I was in my mid-30s. Everything was going great. My life was amazingly wonderful. Great marriage, great job, great friends, travelling and enjoying life. Why did this hit me now? What could possibly make me so afraid that I was unable to function?
Things got so bad that I had no choice but to go to a psychologist. I dreaded telling my story. I had pushed it down into my gut for so long. I feared telling someone about it for fear it would consume me.
And it did for a while. I remember getting into my car and playing REM's Everybody Hurts on the way home from the shrink. Sobbing into my steering wheel, barely able to see through the tears as I drove in rush hour traffic. But when I got to the end of the song where Michael Stipe sings, "Everybody hurts sometimes/So, hold on, hold on...", I felt better. I would hold on and get through this.
Verbal and emotional abuse, though it doesn't leave a scar that you can point to as proof of your pain, is no less real or painful. That's the first thing I learned from Peggy, my psychologist who listened to my story and held my pain and fear with me for 50 minutes each week.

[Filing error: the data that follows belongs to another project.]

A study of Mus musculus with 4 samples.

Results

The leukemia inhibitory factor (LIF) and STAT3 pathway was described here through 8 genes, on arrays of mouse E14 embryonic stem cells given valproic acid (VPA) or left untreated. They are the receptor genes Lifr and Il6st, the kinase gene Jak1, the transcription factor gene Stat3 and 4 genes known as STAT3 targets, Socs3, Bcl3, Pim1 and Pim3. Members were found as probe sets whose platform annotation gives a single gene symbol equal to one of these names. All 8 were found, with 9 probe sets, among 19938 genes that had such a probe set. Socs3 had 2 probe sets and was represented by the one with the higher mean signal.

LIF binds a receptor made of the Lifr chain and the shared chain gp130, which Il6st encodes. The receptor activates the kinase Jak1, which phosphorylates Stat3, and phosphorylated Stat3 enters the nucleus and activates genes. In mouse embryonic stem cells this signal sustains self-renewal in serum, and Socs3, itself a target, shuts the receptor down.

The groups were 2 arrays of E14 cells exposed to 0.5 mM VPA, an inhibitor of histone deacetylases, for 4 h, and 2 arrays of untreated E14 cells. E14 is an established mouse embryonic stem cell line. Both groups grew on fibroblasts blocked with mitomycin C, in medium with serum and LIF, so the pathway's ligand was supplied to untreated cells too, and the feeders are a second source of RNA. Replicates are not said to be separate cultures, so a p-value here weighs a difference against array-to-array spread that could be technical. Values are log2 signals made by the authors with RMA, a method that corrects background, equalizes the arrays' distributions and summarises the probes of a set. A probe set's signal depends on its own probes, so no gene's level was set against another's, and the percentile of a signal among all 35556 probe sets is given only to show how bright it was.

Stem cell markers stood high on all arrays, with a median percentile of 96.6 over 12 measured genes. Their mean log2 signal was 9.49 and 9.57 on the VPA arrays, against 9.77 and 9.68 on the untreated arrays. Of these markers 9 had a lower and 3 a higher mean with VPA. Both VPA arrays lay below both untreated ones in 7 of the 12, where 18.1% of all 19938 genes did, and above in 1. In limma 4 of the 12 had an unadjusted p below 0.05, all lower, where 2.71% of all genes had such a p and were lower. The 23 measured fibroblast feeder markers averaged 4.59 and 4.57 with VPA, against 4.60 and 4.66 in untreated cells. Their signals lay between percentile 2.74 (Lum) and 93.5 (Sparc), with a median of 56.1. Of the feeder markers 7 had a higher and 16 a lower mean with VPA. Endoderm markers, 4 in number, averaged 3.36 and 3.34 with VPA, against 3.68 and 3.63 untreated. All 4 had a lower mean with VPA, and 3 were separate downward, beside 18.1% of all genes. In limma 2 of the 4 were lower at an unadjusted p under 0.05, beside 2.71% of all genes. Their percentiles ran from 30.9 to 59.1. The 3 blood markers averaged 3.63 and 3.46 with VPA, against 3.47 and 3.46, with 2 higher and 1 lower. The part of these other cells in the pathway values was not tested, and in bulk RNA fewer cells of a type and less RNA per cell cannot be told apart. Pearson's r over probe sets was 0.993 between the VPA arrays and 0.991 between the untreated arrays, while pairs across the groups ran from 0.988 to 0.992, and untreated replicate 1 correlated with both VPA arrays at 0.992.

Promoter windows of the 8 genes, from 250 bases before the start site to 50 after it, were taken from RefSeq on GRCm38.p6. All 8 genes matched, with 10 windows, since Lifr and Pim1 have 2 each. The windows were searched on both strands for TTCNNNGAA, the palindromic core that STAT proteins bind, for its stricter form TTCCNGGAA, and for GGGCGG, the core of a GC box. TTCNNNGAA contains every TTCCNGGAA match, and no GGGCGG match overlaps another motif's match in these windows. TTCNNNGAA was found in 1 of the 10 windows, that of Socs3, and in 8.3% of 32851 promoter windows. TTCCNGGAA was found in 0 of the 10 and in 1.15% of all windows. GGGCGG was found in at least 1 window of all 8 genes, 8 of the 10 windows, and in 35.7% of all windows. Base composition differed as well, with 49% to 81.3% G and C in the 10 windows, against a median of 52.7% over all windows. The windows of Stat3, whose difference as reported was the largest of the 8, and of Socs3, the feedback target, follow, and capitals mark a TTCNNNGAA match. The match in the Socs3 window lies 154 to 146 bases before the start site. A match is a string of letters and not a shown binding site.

I got through this emotionally exhausting three years of my life feeling stronger every day. I was worth more than the words that were spit out at me by the abuser in my life. I deserved to be treated with the respect I earned.
I learned that love doesn't come with a jagged edge if it truly is love.
Every year in the high school youth group I facilitate at my church, I spend a Sunday morning exploring the topic of bullying. It usually centers around school-related bullying but I think this year we'll talk about bullying by people who say they care about you.
It happens in families and with those who call themselves friends. People can tell you they love you while still treating you like you are the reason for their own vile souls.
Abuse is abuse. All it takes to remove its power is for someone to name it.